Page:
CITY HALL — A West Side alderman is blaming high taxes on smokes for a black market that he said is rampant in some communities: the sale of loose cigarettes.
Ald. Jason Ervin (28th) held a news conference Wednesday calling on the Illinois General Assembly and the Cook County Board of Commissioners to reduce taxes on cigarettes.
Ervin said Wednesday the current cigarette tax, which is the second-highest in the country behind New York City, has the potential to cause "the next large wave of crime," similar to crime caused by the city's drug trade.
Ervin said he can see the negative impact in his own ward, which includes East Garfield Park, West Garfield Park and Austin.
"You can go to the front of some stores and there are literally people out there fighting over who is going to get to sell a guy two cigarettes for a dollar," Ervin said. "This is not the type of activity I want to see in my ward."
Currently, Ervin said the effective cigarette tax rate in Illinois is $6.67: 68 cents charged by the City of Chicago, $1.01 by the federal government, $1.98 by the State of Illinois, and $3 by Cook County. Illinois raised its tax $1 in 2012 as part of its health care reform package. In 2013, Cook County raised its tobacco tax by the same amount.
"We need to roll it back to a point where people don't feel it's necessary to go outside the community to buy cigarettes," he said.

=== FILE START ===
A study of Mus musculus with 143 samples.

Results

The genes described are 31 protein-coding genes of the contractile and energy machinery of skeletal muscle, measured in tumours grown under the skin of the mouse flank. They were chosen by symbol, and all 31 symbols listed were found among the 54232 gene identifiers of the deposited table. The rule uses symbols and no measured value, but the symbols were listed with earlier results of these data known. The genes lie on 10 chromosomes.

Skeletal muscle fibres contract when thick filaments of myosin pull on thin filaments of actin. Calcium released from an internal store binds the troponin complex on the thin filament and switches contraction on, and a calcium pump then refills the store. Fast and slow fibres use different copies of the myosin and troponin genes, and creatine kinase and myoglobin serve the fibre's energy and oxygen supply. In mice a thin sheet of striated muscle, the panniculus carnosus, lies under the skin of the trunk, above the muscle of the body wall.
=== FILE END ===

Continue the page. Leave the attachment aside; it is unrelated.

But the cigarette black market is not news to the office of Cook County Board President Toni Preckwinckle, said spokesman Owen Kilmer Thursday.
Since Preckwinkle took office in 2010, the department of revenue has tripled its number of tobacco inspectors and doubled its number of inspections, Kilmer said.
"We're going to continue that practice now that the tax is in place, and hopefully we'll bring in even more" inspectors, he said.
Preckwinkle said in a statement that the increase will raise $25.6 million in new revenue, which will go to Cook County’s hospitals and health care system.
Ervin said Wednesday the higher taxes are not raising the revenue lawmakers promised. He said smokers are still smoking, and they are increasingly going outside the county and even outside the state to buy their cigarettes. He said those who cannot leave the city are choosing to buy illegal loose cigarettes.
"These are the individuals who end up buying loose cigarettes one or two at a time," he said. "When you're arguing over dollars, violence follows."
Kilmer said the president's office took into account the smokers who would leave Cook County to buy cigarettes when calculating the estimated $25.6 million revenue.
"Initially people look outside the county but then realize their fuel costs…turn out to be more than if they just purchase them in Cook County," he said.
Smoker Dough Nishimoto, 56, said on the day the county's newest tax hike went into effect, March 1, that he thought it would increase the black market circulation and illegal sale of cigarettes.
He didn't think the tax would help smokers quit either.
"If it would have played a part in your reason to buy a pack, it would’ve happened five years ago” as prices steadily rose, he said. “They're preying on us.”
Police uncovered a nearly record-breaking stash of unlicensed cigarettes at a North Lawndale convenience store in February.
The Cook County Department of Revenue also took in $1.3 million in cigarette tax fines in 2012 due to increased efforts to crack down on the black market, Kilmer said.